Dozens of Queensland residents claim the small country town they live in is getting bankrupted by a single speed camera.
The Guardian reports residents of Malanda, roughly 115 kilometres south-west of Cairns, have received a litany of speeding fines in recent months from a portable speed camera.
State MP Shane Knuth started recording the number of offences handed to Malanda locals and over a two-week period in September, the town reportedly racked up 589 fines.
According to The Guardian, the town only has 811 households.
This reportedly amounts to a whopping $282,267 in fines being issued.
As a result, The Guardian says many residents are planning to contest their fines, and are questioning the accuracy of the temporary speed camera, citing allegedly incorrectly recorded speeds, as well as the placement of the camera.
The Queensland Police Service (QPS) manual offers guidance to officers on where they should be monitoring speed and The Guardian reports the camera was set up close to, but not in violation of the limits established by the manual.
The camera was reportedly stationed on a bend on Malanda-Atherton Road on a 60km/h stretch of downhill road, 350 metres away from a change in speed to 80km/h.
The manual advises that speed detection devices should not be set up on a downgrade of a hill, within 300 metres of a speed limit decrease, within 100 metres of a speed limit increase and where the length of a speed zone is less than a kilometre long.
Exceptions may be made if there’s a school zone, or if there have been accidents or reports of speeding. Mr Knuth says there haven’t been reports of the latter on this stretch of road.
In response, a spokesperson for the Department of Transport and Main Roads (TMR) reportedly said the manual “has no legislative requirement to be followed, however, TMR has adopted consistent practices with QPS”.
One resident criticised the use of a mobile speed camera instead of an actual police officer who could pull over offenders.
“It’s not a safety thing when you’re receiving [the fine] a month later. You should be receiving it within 12 hours, so you can correct your action,” said Cirsty Bonadio to The Guardian.
She claimed her company’s fleet of vehicles had barely received a ticket in decades, only to get five all at once in October.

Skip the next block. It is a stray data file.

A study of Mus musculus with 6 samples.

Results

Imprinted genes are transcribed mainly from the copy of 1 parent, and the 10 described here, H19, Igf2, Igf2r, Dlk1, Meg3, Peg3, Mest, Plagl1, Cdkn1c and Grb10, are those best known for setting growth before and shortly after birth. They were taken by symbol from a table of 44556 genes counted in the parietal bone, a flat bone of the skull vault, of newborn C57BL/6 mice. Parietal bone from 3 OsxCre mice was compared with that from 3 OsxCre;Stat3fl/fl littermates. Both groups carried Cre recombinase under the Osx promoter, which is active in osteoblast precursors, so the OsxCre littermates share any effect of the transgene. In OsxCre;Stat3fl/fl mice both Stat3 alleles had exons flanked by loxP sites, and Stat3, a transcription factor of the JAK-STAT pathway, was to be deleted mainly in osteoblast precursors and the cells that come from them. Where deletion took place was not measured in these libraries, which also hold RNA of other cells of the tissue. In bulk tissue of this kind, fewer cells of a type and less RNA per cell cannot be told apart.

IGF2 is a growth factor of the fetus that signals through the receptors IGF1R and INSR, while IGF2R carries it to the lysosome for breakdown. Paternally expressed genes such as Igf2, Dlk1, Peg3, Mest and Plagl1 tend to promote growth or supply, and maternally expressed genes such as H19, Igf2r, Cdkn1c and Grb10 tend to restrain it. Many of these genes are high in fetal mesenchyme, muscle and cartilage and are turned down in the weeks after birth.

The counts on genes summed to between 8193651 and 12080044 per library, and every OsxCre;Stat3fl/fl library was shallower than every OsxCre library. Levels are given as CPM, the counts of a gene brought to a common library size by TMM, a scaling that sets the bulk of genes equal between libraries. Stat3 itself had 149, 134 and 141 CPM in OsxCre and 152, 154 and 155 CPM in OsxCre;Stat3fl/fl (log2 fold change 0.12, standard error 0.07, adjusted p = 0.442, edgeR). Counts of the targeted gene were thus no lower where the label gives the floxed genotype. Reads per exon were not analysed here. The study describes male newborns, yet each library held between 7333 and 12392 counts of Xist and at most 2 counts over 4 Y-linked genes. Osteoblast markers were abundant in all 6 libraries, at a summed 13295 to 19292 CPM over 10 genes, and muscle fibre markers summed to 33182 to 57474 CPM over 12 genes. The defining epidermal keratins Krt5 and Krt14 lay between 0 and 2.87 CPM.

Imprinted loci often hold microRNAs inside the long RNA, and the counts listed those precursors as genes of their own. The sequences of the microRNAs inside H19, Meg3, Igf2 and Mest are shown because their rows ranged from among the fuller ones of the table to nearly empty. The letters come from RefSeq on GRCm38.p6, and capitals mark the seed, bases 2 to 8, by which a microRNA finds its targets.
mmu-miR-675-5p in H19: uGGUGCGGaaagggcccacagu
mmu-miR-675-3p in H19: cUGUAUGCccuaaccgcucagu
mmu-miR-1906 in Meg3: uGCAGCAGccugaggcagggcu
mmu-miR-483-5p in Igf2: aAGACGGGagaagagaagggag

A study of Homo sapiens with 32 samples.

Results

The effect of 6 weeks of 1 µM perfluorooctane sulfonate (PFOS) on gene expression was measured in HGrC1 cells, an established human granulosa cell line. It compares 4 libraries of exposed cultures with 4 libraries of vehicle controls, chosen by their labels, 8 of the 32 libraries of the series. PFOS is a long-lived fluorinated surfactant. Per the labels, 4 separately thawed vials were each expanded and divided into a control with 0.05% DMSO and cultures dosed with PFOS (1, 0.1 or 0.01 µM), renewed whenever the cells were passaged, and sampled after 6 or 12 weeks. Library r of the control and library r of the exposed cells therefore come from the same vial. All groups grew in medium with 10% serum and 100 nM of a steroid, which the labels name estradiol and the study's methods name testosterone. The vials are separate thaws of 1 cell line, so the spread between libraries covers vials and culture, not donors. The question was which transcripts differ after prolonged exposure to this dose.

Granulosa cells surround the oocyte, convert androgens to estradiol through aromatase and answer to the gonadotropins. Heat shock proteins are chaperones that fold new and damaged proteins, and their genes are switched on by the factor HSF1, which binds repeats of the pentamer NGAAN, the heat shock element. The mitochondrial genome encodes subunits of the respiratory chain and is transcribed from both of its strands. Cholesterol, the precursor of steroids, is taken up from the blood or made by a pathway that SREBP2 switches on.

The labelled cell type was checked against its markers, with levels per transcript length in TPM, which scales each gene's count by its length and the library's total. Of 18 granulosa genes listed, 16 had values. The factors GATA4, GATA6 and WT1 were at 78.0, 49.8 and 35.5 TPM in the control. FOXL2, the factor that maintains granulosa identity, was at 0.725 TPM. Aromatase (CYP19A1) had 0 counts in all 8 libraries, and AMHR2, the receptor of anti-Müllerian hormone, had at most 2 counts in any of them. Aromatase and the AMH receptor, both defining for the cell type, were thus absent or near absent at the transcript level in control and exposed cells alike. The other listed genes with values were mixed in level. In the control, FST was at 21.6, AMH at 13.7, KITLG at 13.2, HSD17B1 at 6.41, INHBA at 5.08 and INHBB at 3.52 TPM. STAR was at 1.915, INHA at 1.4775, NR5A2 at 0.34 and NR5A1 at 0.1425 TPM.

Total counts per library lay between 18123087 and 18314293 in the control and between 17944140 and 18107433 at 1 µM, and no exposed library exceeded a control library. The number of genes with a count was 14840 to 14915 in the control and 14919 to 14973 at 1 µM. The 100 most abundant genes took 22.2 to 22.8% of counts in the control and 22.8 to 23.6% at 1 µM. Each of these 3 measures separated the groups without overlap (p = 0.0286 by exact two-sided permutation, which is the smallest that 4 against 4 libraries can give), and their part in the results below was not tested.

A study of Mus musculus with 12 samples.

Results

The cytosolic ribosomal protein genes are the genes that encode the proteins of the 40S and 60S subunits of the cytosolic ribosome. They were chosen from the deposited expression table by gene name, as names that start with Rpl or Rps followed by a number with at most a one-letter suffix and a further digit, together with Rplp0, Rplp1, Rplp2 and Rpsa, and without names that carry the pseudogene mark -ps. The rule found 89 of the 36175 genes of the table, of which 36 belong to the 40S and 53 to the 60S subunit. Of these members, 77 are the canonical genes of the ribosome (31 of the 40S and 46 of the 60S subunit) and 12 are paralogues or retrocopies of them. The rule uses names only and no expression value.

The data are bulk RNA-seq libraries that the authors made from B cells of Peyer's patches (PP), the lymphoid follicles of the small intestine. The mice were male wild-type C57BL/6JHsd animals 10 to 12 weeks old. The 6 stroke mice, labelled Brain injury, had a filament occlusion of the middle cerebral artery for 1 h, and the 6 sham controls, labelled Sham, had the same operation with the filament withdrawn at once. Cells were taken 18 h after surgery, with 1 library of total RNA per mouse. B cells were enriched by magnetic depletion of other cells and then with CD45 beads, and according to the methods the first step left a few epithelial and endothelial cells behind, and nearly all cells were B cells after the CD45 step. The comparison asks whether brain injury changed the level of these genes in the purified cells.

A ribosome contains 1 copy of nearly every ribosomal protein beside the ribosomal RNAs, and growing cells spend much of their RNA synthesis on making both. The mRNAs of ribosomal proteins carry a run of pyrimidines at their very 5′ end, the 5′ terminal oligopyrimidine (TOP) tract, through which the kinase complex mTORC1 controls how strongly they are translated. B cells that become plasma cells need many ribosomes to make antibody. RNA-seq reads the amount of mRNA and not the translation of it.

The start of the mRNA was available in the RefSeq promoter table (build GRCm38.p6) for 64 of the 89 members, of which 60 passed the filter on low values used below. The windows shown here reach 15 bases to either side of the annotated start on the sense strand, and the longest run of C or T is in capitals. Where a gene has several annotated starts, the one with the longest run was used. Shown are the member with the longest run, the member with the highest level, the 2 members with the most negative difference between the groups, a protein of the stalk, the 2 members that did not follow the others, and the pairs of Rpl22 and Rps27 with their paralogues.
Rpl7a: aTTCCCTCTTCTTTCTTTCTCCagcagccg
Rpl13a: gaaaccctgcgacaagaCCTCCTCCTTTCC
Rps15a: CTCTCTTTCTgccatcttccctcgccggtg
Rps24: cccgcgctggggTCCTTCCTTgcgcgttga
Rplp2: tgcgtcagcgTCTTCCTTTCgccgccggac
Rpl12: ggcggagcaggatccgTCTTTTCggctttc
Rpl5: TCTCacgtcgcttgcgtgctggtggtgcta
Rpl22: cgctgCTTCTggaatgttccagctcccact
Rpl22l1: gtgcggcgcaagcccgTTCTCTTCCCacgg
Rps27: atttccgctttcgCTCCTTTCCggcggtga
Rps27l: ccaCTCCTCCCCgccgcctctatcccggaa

TMR said the use of cameras is to “free-up police officers for other duties, [which] is a benefit to everyone” and that the delay in sending fines, which by law must be posted to the driver, is “because each infringement is manually reviewed for accuracy”.
It confirmed a transportable speed camera was used in town between 7-21 September.
Local solicitor Brad Bragg – whose wife also received fines from the camera – suggested to The Guardian a class action could be on the cards if TMR could not produce the appropriate test documents to certify the camera.
He reportedly received a calibration certificate from the state government via Mr Knuth’s office, confirming the camera was certified in an accredited testing laboratory on April 11.
However, the speed detection manual reportedly requires a device to be “field tested” with records of the “date, time, location and applicable results of field testing of the particular device”.
Mr Bragg argues no such field test calibration certificate exists, and this therefore opens up the opportunity of a class action.
“Several validations and checks are undertaken prior to infringements being issued from TRSCs (transportable road safety cameras),” a TMR spokesperson told The Guardian.
“These include independent testing and calibration of the speed camera annually as required by legislation, secondary validation of the speed camera’s accuracy at each deployment, calculated verification of the offences and manual adjudication of the offences prior to an infringement being issued.
“Each TRSC is set up on site, following approved site layouts and instructions that meet legislative requirements and manufacturer specifications to ensure consistency and reliability.”